Virginia Reeves’s New Novel Explores What It Feels Like When the Mind Breaks
In “The Behavior of Love,” a new novel by Virginia Reeves—whose 2016 début novel, “Work Like Any Other,” was long-listed for the Man Booker prize—marital emotion boils within a cool experimental framework. A brilliant doctor, Edmund Malinowski, has taken a job as the superintendent of a mental institution in Boulder, Montana. It’s a disorganized, underfunded place, but Ed is slowly transforming it. As a behaviorist, he believes in observable actions; his wife, Laura, who is an artist, wishes her husband would pay more attention to their marriage. Ed has an obvious crush on a sixteen-year-old patient with epilepsy, Penelope, who begins to fall for Ed in return. Many books that feature scientists as main characters show them overthinking and overanalyzing, using logic to flee their desires—“Lost and Wanted,” by Nell Freudenberger, is a recent example. Reeves inverts this trope: Ed, for all his training, doesn’t seem to think enough.
Ed has a specific kind of postwar masculinity—an entitled charisma. He is a figure of natural authority from the start, while Laura and Penelope’s arcs must bend toward action and agency. Laura’s sections—which are told in the first person, while Ed’s unspool in a close third—offer up her feelings with a frankness that is affecting precisely because we know her husband isn’t listening. In positioning Penelope and Laura as foils, the book draws a subtle distinction between ministering to a person and ministering to a relationship. To treat your spouse as your patient would be condescending, withholding; but to treat your marriage as a patient might save it.
For much of the book, Ed wrestles with his responsibilities to, and genuine enthrallment with, both Laura and Penelope. (Their names, evoking Petrarch and Homer, make them love objects from duelling literary traditions, and “Ed” sort of sounds like “Id.”) Meanwhile, Laura inveigles her way into teaching an art class at the hospital, with the hope of entering her husband’s life by a different door. The front half of the novel is littered, somewhat mysteriously, with references to untranslatable or nonsensical sounds. (Even the epigraph, from Robert Frost, is about a question that the speaker thinks he hears posed, not in words but in birdsong: “what to make of a diminished thing.”) It is at first unclear why this motif of wordlessness keeps returning, or how it relates to the love triangle. Still, the theme is carefully developed, pulling the reader toward the incomprehensible, the unintelligible, the question of what’s left in language once sense departs. Ed considers the noise of the hospital: “The hall is full of hapless patients, their voices mostly guttural.” Later, Penelope recites a line of poetry while leading a reading group composed of her fellow-wards. Referring to a Philip Larkin lyric about “a voice / Watering a stony place,” she asks, “If the bird’s notes—and this woman’s words—can’t be understood, then what good are they?” Another patient answers that “They are nice to water the stony places. Nice to make the stony places soft.”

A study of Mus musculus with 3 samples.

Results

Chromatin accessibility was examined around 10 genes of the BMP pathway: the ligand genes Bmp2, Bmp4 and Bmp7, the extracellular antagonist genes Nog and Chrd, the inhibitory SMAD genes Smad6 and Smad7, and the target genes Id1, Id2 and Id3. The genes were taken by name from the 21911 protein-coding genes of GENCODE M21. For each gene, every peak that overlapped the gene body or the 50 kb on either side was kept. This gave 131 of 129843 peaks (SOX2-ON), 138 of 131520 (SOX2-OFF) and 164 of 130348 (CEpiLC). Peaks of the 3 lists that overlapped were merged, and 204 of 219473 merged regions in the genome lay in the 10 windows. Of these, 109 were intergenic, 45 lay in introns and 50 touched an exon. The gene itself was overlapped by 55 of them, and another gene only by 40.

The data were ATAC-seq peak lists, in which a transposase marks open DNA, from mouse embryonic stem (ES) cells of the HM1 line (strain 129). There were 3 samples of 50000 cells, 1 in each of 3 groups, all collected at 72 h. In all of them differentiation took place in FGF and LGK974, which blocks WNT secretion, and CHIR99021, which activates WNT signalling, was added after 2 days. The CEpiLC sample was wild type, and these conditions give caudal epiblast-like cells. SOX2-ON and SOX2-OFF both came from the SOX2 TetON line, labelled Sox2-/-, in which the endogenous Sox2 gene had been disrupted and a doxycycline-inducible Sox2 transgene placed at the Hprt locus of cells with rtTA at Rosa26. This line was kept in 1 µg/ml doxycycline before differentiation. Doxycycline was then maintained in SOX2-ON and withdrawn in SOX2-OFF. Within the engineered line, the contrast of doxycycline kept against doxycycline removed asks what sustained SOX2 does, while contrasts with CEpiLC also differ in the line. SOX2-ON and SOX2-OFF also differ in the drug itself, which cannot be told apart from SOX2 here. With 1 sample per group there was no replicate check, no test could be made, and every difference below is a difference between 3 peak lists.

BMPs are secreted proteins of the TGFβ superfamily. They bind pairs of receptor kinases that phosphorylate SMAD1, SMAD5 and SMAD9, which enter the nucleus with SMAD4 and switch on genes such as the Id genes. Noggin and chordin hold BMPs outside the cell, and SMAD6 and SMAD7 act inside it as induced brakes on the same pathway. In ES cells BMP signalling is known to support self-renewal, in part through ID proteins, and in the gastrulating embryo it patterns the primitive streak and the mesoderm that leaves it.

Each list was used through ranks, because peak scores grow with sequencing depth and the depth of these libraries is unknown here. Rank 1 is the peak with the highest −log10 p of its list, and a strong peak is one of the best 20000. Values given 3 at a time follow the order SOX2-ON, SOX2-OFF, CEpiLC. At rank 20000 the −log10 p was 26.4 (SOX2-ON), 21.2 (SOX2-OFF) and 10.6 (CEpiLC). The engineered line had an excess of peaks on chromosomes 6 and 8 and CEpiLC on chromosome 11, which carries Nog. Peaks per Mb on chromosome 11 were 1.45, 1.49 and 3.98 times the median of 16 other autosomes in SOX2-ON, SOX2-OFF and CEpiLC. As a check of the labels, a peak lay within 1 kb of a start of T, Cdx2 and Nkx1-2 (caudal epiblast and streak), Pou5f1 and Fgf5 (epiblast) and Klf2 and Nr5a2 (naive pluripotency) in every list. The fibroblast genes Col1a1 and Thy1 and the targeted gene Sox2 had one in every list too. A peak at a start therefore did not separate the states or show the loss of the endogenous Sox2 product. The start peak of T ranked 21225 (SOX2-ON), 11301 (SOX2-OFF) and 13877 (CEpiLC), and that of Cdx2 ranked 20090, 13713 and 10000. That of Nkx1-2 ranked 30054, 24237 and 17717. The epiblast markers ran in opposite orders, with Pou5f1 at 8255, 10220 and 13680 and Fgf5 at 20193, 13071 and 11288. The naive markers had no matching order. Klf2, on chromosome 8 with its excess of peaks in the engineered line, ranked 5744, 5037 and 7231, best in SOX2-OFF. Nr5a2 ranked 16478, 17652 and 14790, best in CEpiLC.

The significance of such bread crumbs becomes clear when, in its second half, “The Behavior of Love” reboots dramatically, inducing a kaleidoscopic disorientation that would be familiar to many of Ed’s patients. I won’t spoil the twist, but suffice it to say that Reeves wants to discover her characters’ stony places. She wants to explore what it feels like when the mind breaks, when language becomes a door swinging closed on meaning, and yet she is never so supple or interesting a writer as when she is tracing a character’s fugitive shreds of consciousness: “His brain is a building gutted by fire, walls smoke-licked, ceiling blackened, floor crumbling . . . Every now and then, though, he finds an untouched room, everything just as he left it, and the memories rise up in vivid detail.” But there is not just suffering here—there is also a deep saturation and beauty of experience. “He is warm and alive, summer inside of winter,” one character thinks. The same character reflects on the poetry that Penelope reads aloud: “glowing words that moved on their own, more about sound than meaning, water over rocks, wind in branches—something not said but felt.”